A more appropriate venue to alleviate hardship for the poor would be to give them a tax cut (or a rebate, as is done in the US with the Earned Income Tax Credit).
Malaysia has had to end or sharply curtail (can't remember which) its fuel subsidies. Frank also points out that the US is effectively engaging in a subsidy, as gasoline prices here understate the full costs (including environmental costs, for example) of gasoline use.
Consider how this difference might affect a trucker’s decision about whether to accept a hauling job. A rational trucker will apply the basic cost-benefit test, which says that something is worth doing if, and only if, its benefit is at least as great as its cost. Suppose the job in question requires 1,000 gallons of fuel, available at the subsidized price of $2 a gallon, for a total fuel outlay of $2,000. If the cost of the trucker’s time and equipment are, say, $1,000 for the trip, his narrow interests dictate accepting the job if the shipper is willing to pay at least $3,000. Suppose the shipper is willing to pay that amount but not more.
The problem is that if the trucker accepts the job at that price, the country as a whole will be worse off by more than $2,000. Although the $3,000 fee would cover his own costs, the government would end up paying $2,000 in additional subsidies for the 1,000 gallons consumed. On top of that, the trip would generate additional pollution and congestion costs. So the fact that the subsidy encouraged him to accept the job means that its net effect is equivalent to throwing more than $2,000 onto a bonfire.
Waste is always bad. Anyone who doubts it need only remember that when the economic pie grows, it is always possible for everyone to have a larger slice than before. Using fuel for activities whose costs exceed their benefits makes the economic pie smaller.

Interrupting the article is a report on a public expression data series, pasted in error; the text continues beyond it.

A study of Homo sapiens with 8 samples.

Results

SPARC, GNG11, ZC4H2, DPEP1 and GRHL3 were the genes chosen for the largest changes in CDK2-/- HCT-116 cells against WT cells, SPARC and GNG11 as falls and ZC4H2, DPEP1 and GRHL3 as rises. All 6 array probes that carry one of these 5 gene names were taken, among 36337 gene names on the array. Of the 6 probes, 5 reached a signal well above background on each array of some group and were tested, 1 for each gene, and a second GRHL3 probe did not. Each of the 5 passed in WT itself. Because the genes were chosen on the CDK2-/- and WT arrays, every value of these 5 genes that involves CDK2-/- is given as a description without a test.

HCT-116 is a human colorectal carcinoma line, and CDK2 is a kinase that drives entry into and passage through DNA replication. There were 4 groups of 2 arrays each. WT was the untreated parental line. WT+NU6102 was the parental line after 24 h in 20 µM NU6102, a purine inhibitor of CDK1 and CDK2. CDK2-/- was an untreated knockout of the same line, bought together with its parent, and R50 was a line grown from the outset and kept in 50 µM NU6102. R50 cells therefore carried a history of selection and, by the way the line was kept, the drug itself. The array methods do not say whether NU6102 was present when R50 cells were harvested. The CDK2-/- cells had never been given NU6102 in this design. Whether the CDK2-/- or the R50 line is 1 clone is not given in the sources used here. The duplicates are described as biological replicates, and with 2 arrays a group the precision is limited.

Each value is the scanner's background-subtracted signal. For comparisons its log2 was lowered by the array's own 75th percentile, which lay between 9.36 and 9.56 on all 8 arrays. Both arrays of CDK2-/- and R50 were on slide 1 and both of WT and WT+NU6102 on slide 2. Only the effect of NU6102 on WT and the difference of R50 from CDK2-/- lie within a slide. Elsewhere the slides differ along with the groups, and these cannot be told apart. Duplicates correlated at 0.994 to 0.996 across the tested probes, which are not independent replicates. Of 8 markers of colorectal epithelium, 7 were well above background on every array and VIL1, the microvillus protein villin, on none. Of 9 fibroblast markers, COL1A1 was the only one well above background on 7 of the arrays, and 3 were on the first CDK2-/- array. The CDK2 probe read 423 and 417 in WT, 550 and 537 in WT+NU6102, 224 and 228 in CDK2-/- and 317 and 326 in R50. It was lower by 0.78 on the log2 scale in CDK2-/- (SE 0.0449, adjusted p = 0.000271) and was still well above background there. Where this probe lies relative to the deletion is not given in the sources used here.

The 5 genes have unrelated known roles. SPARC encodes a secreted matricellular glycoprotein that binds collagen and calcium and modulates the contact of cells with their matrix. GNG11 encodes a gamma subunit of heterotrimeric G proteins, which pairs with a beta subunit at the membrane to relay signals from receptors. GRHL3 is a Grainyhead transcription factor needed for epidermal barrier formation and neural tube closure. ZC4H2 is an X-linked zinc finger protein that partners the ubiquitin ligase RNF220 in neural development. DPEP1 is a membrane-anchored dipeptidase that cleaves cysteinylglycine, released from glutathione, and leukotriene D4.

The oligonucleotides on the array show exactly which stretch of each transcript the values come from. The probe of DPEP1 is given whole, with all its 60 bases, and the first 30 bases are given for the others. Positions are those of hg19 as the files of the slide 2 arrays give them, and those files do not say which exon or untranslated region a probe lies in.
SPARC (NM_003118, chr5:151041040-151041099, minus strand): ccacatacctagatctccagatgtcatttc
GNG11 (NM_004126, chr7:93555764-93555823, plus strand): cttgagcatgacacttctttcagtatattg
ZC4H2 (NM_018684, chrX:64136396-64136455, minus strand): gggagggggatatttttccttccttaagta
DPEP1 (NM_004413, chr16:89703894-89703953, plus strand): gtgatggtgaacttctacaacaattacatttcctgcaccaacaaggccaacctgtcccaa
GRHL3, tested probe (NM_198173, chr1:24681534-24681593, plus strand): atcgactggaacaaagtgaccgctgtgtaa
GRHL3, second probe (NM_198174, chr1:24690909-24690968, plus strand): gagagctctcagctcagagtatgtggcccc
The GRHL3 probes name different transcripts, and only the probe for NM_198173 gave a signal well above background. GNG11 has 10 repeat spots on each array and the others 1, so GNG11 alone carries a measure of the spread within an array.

Subsidy proponents cite the firestorm of political protest that would erupt if fuel were to sell at the international market price. That fuel subsidies are wasteful, however, implies that there must be less costly ways to keep the peace.
Consider again our trucker who accepted a job that barely covered the cost of his time, equipment and subsidized fuel. Instead of paying $2,000 to subsidize his fuel, the government could give him a tax cut of, say, $1,000, and use the remaining $1,000 to help pay for public services. Because the trucker’s earnings from the hauling job were only enough to cover his costs at the subsidized fuel price, he would be $1,000 better off with the tax cut alone than with the fuel subsidy. The additional support for public services would augment this benefit. In short, a tax cut is always a better way to keep political protest at bay because, unlike a fuel subsidy, it does not encourage shipments whose costs exceed their benefits.
IF a United States president urged developing economies to eliminate fuel subsidies because they result in higher energy prices for Americans, the conversation would probably end very quickly. But this conversation might be reframed.
A good place to start would be to heed the same advice we’d like others to follow. Emerging economies are not the only ones in which prices at the pump substantially understate the true social cost of fuel. For instance, although the United States doesn’t have direct fuel subsidies, existing fuel taxes significantly understate the pollution and congestion costs associated with additional fuel use. Adopting some variant of a tax on carbon, as both leading presidential candidates have proposed, would help eliminate this discrepancy.
That would set the stage for our next president to explain to other leaders why eliminating fuel subsidies would make the overall economic pie larger. Because the resulting efficiency gains can be redistributed so that everyone gets a bigger slice than before, the idea should be fairly easy to sell.